PTSD support provided by man’s best friend

Bogey, a current Soldier’s Best Friend student, poses after a training session at Wal-Mart. Vicki Brown, a Soldier’s Best Friend trainer, and Bogey’s owner worked with Bogey on tasks such as blocking, focusing while amongst multiple distractions, and staying to one side of his owner.

For some current and former Soldiers, the furry companion by their side is much more than just a best friend. Soldier’s Best Friend is an Arizona non-profit organization that assists veterans with disabilities such as Post Traumatic Stress Disorder or Traumatic Brain Injury, by pairing them with a canine and training the animal as a service or therapeutic companion dog.

John Burnham, an Arizona veterinary doctor since 1983, started SBF in January 2011. The organization is based out of Glendale, but there are teams located and services offered in Tempe, Prescott, Tucson and Sierra Vista.

Service dogs and therapeutic companion dogs can provide assistance in various ways to help veterans dealing with the symptoms of PTSD and TBI. Once approved for the training program, the veteran and the selected dog will go through a five to seven month-long training period. Basic tasks that the dog will be trained to do, depending on the needs of the veteran, are traveling beside him or her to ease anxiety in crowds, block approaching persons, provide emotional support, aid in physical disabilities such as walking, fetching items as needed, provide hearing assistance, and much more.

Jim Cleven, human resource specialist, Civilian Personnel Advisory Center and a recent graduate of the SBF program, explained that having a service dog has helped him in many areas of his life. His dog, Spirit, assists with PTSD symptoms and provides hearing assistance as well.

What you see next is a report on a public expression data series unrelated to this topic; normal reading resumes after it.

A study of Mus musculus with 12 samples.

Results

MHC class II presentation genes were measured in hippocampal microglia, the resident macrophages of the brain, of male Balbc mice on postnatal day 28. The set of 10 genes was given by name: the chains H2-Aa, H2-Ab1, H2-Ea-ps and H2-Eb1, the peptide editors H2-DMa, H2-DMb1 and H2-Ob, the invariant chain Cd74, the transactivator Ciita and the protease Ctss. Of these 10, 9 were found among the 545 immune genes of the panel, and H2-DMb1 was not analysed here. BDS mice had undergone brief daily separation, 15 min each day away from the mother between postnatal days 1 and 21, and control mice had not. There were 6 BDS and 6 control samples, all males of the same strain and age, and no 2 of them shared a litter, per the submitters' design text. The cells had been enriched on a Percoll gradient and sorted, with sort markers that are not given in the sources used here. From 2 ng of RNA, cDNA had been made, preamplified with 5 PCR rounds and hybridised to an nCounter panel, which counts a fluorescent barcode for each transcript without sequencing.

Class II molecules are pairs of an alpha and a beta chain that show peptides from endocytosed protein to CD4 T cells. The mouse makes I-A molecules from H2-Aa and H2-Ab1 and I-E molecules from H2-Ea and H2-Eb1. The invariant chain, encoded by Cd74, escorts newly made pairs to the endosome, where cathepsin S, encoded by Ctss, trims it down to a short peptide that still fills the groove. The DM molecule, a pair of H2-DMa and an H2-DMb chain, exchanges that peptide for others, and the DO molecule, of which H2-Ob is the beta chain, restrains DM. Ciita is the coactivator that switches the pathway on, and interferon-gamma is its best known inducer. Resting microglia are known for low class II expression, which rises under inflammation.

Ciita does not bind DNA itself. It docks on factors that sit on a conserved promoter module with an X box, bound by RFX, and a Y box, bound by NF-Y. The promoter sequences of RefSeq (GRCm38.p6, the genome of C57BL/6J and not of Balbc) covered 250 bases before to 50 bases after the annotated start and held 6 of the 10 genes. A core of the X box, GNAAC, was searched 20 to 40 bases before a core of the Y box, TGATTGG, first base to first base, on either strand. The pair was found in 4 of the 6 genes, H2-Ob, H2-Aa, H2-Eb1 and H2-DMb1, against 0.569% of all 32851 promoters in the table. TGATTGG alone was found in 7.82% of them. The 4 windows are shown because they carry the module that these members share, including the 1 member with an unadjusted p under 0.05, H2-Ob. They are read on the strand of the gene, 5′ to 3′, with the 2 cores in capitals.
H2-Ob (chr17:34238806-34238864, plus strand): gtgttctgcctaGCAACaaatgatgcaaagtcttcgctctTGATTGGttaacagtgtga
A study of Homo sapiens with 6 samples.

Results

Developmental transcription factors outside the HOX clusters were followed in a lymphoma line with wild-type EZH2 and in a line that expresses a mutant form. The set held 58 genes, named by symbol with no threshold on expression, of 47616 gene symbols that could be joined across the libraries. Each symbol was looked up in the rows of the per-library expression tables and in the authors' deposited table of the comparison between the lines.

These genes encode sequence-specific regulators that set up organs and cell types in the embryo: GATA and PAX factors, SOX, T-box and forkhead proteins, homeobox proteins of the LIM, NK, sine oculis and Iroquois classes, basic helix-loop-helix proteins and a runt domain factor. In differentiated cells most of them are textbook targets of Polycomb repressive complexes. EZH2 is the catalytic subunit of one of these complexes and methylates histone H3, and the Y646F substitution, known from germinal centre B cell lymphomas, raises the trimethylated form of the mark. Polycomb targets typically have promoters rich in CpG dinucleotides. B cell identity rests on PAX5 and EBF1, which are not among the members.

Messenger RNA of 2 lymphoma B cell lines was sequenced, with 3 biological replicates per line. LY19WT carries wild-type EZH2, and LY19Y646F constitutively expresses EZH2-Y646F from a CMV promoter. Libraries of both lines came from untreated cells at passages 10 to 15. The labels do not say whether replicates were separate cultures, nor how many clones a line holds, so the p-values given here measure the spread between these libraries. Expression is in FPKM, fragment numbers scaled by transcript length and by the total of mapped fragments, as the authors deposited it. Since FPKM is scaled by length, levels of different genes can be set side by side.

Cleven said, “I obtained my dog, Spirit, on October 30, 2011 from a rescue group in Tucson. After a home visit by SBF, my application was approved and we started classes on November 19. On December 6, Spirit started coming to work with me. We trained daily during lunch and at home, along with [weekly] training sessions that were provided by SBF, here in Sierra Vista.

After six months of training, Spirit graduated, along with five others, on May 20, 2012. He goes everywhere with me and has been on five airline flights, one being a week-long [work assignment] to Maryland. Training, working and living with a service dog is rewarding in many ways.”

This service is offered to all active duty and veterans who can complete the training program locally in Arizona, upon acceptance to the program and is of no cost to the veteran. According to the SBF website, “All veterinary services, most food and supplies will be at no charge to the veteran during the training process. Following graduation, the veteran will be responsible for food costs and basic care. Reduced veterinary fees will be offered through a group of volunteer veterinary hospitals in Arizona.”

The dogs that are chosen as companions are often adopted from rescue groups or shelters. Veterans may choose to use a dog of their choice, but there are characteristics that can prevent acceptance to the program, such as any kind of aggressive behavior, anxiety or nervousness, and the maturity level and age of dog. Evaluations are performed to determine canine acceptance.

Rocky Boatman, a SBF team lead, explains. “A veteran hears about SBF and applies online or calls them and requests a service dog. There is paperwork involved to ensure the client has PTSD or TBI and falls within the guidelines. Once the paperwork is approved, John [Burnham] comes down from Phoenix and visits the home of veterans who want a service dog and has been preapproved. If the home visit goes well … and they have a dog already, he will start the evaluation of the dog at that time to ensure that the dog is suitable [to be] a service dog. Once John is done on his side of the house, he lets me know that the client has been approved. I do an evaluation with the dog itself, the temperament testing, and I will sit down with the client and talk about what the dog needs to be trained for.” The application process time can vary, depending on the applicant’s circumstances.

For general questions or to start the application process, visit http://soldiersbestfriend.org/ or call 1.480.269.1738.